The death of a nine-year-old girl in a Northland traffic crash has been traced back to a badly worn down towball and coupling on a trailer used by a local trucking business.

The trailer’s safety chain failed, disconnecting it from the truck towing it in October 2020. The trailer collided with an oncoming car the young girl was travelling in near Mata, south of Whangārei.

The owner-operators of the trailer, Johnston’s Direct Logistics Ltd, have been sentenced in the Whangārei District Court for health and safety failings.

Expert analysis commissioned by WorkSafe found the condition of the towball and tow coupling was of “significant concern”. There was very extensive wearing on both, which meant a small bump in the road, or change of incline, could allow the trailer to easily decouple.

As well, the trailer’s certificate of fitness had expired, and its tyres had uneven pressure.

WorkSafe alleged Johnston’s Direct Logistics failed to undertake regular and effective inspections of its vehicles, and failed to identify the deterioration of the towball and coupling.

“The company had a duty to ensure the health and safety of other people was not adversely affected by its work. Johnston’s should have been doing regular inspections of all its vehicles including the trailers couplings and towballs to ensure they were safe and roadworthy,” says WorkSafe’s area manager, Danielle Henry.

The company should also have ensured its vehicles had current warrants or certificates of fitness. As well, Johnston’s should have identified and logged the maximum weight every towing vehicle and trailer could manage, to ensure that towing componentry was rated safe for use.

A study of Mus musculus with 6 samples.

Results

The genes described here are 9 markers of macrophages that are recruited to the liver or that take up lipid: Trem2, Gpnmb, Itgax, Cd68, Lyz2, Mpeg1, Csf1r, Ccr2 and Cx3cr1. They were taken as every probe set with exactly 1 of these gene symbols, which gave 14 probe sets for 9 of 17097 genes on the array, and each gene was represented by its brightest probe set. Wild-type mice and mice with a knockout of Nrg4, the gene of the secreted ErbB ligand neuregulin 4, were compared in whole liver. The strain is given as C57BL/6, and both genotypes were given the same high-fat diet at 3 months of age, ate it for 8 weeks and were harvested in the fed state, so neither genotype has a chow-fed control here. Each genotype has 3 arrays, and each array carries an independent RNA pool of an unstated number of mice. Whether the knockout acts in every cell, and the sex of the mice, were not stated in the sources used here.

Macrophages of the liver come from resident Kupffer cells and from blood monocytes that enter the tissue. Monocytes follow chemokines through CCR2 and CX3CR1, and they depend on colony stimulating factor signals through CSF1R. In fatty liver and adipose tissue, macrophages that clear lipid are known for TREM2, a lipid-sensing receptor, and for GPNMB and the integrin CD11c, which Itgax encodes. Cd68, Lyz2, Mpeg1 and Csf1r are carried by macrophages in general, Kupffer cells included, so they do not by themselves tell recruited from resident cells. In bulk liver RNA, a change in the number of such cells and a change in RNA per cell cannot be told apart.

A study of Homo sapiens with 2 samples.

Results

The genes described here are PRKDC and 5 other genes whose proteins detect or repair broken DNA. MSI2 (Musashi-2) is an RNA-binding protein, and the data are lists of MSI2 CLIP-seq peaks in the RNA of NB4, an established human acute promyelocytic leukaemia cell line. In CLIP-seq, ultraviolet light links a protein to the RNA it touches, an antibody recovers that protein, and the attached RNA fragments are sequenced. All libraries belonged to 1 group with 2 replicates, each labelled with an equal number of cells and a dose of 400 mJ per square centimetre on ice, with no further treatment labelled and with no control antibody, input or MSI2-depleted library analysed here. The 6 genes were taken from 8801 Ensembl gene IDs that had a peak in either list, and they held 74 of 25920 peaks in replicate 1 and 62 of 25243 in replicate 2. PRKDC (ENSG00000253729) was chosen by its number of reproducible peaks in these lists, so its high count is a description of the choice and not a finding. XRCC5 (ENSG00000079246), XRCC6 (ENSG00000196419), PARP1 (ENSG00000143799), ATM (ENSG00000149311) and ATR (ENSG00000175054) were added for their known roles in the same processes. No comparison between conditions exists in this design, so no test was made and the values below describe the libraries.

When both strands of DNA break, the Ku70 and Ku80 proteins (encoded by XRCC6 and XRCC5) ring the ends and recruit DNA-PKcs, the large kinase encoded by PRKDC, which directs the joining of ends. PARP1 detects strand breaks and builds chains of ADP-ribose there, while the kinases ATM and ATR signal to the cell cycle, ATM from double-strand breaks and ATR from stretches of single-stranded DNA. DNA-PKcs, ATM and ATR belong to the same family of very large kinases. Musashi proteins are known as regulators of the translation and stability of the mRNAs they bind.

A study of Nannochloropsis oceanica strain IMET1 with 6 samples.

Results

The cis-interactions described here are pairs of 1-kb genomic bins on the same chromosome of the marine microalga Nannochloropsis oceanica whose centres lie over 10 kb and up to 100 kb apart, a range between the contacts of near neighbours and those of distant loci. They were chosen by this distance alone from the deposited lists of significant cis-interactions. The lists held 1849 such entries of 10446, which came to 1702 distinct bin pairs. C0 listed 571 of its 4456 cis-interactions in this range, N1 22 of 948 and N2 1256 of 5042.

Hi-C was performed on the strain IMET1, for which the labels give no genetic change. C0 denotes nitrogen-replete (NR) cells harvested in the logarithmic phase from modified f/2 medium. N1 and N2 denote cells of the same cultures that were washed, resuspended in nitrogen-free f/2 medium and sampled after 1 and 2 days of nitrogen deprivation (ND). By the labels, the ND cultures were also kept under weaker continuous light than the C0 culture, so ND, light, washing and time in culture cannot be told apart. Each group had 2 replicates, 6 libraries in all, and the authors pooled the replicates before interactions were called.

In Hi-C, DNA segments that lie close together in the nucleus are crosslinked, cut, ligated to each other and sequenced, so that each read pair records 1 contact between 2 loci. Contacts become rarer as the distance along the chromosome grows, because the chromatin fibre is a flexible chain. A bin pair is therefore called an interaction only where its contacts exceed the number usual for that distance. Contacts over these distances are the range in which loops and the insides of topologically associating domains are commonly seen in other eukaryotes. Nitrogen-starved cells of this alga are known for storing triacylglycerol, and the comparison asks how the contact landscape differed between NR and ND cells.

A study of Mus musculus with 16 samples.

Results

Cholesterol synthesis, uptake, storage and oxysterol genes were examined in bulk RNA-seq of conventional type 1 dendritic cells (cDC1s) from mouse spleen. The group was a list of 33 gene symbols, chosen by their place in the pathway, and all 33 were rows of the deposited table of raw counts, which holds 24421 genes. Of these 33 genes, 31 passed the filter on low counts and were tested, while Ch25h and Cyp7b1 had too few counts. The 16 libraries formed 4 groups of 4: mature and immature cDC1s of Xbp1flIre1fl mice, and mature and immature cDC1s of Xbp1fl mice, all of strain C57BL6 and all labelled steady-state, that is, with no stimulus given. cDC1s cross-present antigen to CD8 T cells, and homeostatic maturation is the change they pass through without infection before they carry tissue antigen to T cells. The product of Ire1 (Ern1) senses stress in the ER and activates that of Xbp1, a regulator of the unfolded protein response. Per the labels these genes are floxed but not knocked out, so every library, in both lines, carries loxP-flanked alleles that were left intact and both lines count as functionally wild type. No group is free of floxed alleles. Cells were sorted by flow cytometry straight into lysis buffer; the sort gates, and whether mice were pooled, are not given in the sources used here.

“This tragedy should serve as a warning to other businesses to keep a much closer eye on basic maintenance. A young girl’s life has been lost through no fault of her own, and her whānau is forever impacted,” says Danielle Henry.

Read more about WorkSafe prosecutions


  • Johnston’s Direct Logistics Ltd was sentenced at Whangārei District Court on 29 July 2022.
  • An order to pay reparations of $145,000 was imposed, along with a fine of $50,000
  • Johnston’s Direct Logistics was charged under sections 36(2), 48(1) and (2)(c) of the Health and Safety at Work Act 2015
    • Being a PCBU having a duty to ensure, so far as is reasonably practicable, that the health and safety of other persons is not put at risk from work carried out as part of the conduct of the business or undertaking, namely the use of truck and trailer combination for the transport of freight, did fail to comply with that duty, and that failure exposed the victim to a risk of death or serious injury.
  • The maximum penalty is a fine not exceeding $1.5 million.